Collegian Q&A with Butler basketball’s Andrew Chrabascz

Andrew Chrabascz passes the ball. Photo by Jimmy Lafakis.


The Butler Collegian: How do you feel when people mispronounce your last name? What are some of the worst tries that you have heard?

Andrew Chrabascz: I actually love it because the Butler fans are quick to correct them. The best mispronunciation was in Puerto Rico. The announcer didn’t even try to pronounce it. I think the fact that he didn’t even give it any effort was the best mispronunciation.

TBC: What was it like being the only recruit to stay after Brad Stevens left?

AC: It wasn’t bad. Obviously, coming in thinking that Brad Stevens is going to be your coach and then him leaving was definitely a shock. But I knew whoever coming in was going to still hold up the Butler culture and the tradition that has made the program so successful over the years.

TBC: What was the coolest arena to play in (besides Hinkle Fieldhouse)?

AC: Obviously Madison Square Garden is up there. I mean, that’s the mecca for basketball. It really is in a league of its own with how cool all of the little different things they have in that arena.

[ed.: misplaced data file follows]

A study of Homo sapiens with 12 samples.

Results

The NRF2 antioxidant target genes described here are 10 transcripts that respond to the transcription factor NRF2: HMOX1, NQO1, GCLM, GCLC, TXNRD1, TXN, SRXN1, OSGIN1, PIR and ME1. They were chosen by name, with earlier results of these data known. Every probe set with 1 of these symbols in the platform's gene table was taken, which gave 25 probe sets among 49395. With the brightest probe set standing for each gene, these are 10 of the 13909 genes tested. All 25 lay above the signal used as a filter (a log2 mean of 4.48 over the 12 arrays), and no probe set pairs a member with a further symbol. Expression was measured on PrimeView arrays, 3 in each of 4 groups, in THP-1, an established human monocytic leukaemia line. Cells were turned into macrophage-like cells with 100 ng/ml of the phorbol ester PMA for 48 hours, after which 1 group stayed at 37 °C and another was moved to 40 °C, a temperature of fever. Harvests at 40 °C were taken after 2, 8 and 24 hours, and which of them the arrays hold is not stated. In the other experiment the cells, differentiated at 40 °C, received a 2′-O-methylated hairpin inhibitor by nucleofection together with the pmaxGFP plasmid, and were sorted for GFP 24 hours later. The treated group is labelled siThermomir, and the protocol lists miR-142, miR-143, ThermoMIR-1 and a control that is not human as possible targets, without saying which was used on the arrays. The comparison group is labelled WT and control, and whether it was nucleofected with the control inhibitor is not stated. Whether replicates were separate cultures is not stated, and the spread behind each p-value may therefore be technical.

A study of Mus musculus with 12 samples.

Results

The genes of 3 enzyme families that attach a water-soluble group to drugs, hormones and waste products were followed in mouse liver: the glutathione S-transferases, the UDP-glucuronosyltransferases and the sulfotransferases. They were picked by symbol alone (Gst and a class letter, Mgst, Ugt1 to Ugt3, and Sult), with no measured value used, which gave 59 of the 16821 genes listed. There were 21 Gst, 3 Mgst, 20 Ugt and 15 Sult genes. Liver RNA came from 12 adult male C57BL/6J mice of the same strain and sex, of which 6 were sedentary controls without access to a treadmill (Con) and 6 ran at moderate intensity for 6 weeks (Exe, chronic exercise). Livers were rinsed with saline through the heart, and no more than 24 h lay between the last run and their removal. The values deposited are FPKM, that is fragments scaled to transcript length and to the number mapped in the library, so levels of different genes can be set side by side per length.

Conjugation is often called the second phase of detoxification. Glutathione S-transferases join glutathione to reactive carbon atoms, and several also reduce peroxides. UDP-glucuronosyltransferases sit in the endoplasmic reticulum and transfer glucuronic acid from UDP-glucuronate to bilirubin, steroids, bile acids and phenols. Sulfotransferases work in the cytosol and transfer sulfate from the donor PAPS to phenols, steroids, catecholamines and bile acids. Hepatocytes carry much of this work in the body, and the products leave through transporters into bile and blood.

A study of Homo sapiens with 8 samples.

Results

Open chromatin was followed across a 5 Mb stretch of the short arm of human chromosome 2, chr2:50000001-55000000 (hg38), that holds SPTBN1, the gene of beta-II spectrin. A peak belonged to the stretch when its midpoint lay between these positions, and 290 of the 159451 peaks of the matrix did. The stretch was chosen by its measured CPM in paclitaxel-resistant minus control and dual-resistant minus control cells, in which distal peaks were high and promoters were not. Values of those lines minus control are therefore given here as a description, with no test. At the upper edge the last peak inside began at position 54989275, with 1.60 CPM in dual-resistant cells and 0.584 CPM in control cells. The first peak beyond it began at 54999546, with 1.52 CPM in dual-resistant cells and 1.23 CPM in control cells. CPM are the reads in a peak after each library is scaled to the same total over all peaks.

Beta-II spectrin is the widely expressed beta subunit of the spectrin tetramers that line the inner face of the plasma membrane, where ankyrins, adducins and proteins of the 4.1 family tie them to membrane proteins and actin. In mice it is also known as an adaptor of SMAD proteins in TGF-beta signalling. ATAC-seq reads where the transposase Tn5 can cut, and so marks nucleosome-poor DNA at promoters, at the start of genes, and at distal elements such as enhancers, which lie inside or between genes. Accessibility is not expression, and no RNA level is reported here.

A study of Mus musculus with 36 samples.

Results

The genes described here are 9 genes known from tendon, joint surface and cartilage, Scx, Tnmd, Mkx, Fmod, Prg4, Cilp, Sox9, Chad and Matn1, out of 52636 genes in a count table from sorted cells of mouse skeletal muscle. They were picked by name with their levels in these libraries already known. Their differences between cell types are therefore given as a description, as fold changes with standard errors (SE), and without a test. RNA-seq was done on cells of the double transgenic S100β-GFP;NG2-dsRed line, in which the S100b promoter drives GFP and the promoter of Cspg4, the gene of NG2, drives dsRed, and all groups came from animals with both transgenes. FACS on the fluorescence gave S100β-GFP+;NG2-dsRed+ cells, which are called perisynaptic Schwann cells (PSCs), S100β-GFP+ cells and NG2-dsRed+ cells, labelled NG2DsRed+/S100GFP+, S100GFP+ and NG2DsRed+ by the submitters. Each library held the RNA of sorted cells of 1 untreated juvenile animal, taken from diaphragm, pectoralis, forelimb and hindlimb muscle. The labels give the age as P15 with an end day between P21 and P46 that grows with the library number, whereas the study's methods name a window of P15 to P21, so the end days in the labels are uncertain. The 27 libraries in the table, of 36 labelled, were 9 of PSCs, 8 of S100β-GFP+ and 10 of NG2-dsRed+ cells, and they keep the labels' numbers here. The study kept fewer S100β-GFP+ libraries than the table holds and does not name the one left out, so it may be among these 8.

TBC: Is your No. 1 still Hinkle Fieldhouse?

AC: Oh, for sure. Hinkle is definitely the most unique gym. I fell in love with it the first step I took on it my freshman year [of high school], when I took my first official visit.

TBC: What was the coolest thing to do on the road in another city?

AC: Being in the big cities is cool. Obviously Times Square was fun. I’d have to say going to the White House and Washington D.C. was a pretty cool thing. Just seeing different monuments in D.C., obviously that place is just filled with history. Just going around that city is unbelievable.

TBC: What was your favorite game as a Bulldog and why?

AC: I’d have to say the Middle Tennessee game. Finally winning that one and advancing into the Sweet Sixteen. Something that I wasn’t able to accomplish until this year. Getting past the first weekend of March Madness.

TBC: What was the transition like moving from Rhode Island to Indiana?

AC: It’s different but it’s a good different. I don’t really know how to describe it. Rhode Islanders, we’re just beach people. So we’re very chill, really relaxed and laid back. Very straightforward. Sometimes people take it the wrong way with how straightforward we are. But that’s just how we are. And Indiana people are just some of the nicest people ever. The most genuine people I know. Those are the big difference, and there’s nothing bad about either one of them.

TBC: What is your plan for the future?

AC: Hopefully play professional. That’s the hopes and dreams. The ultimate goal is to play in the NBA. Realistically, I could see something overseas happening. We’ll see with what happens over the summer with summer workouts and stuff.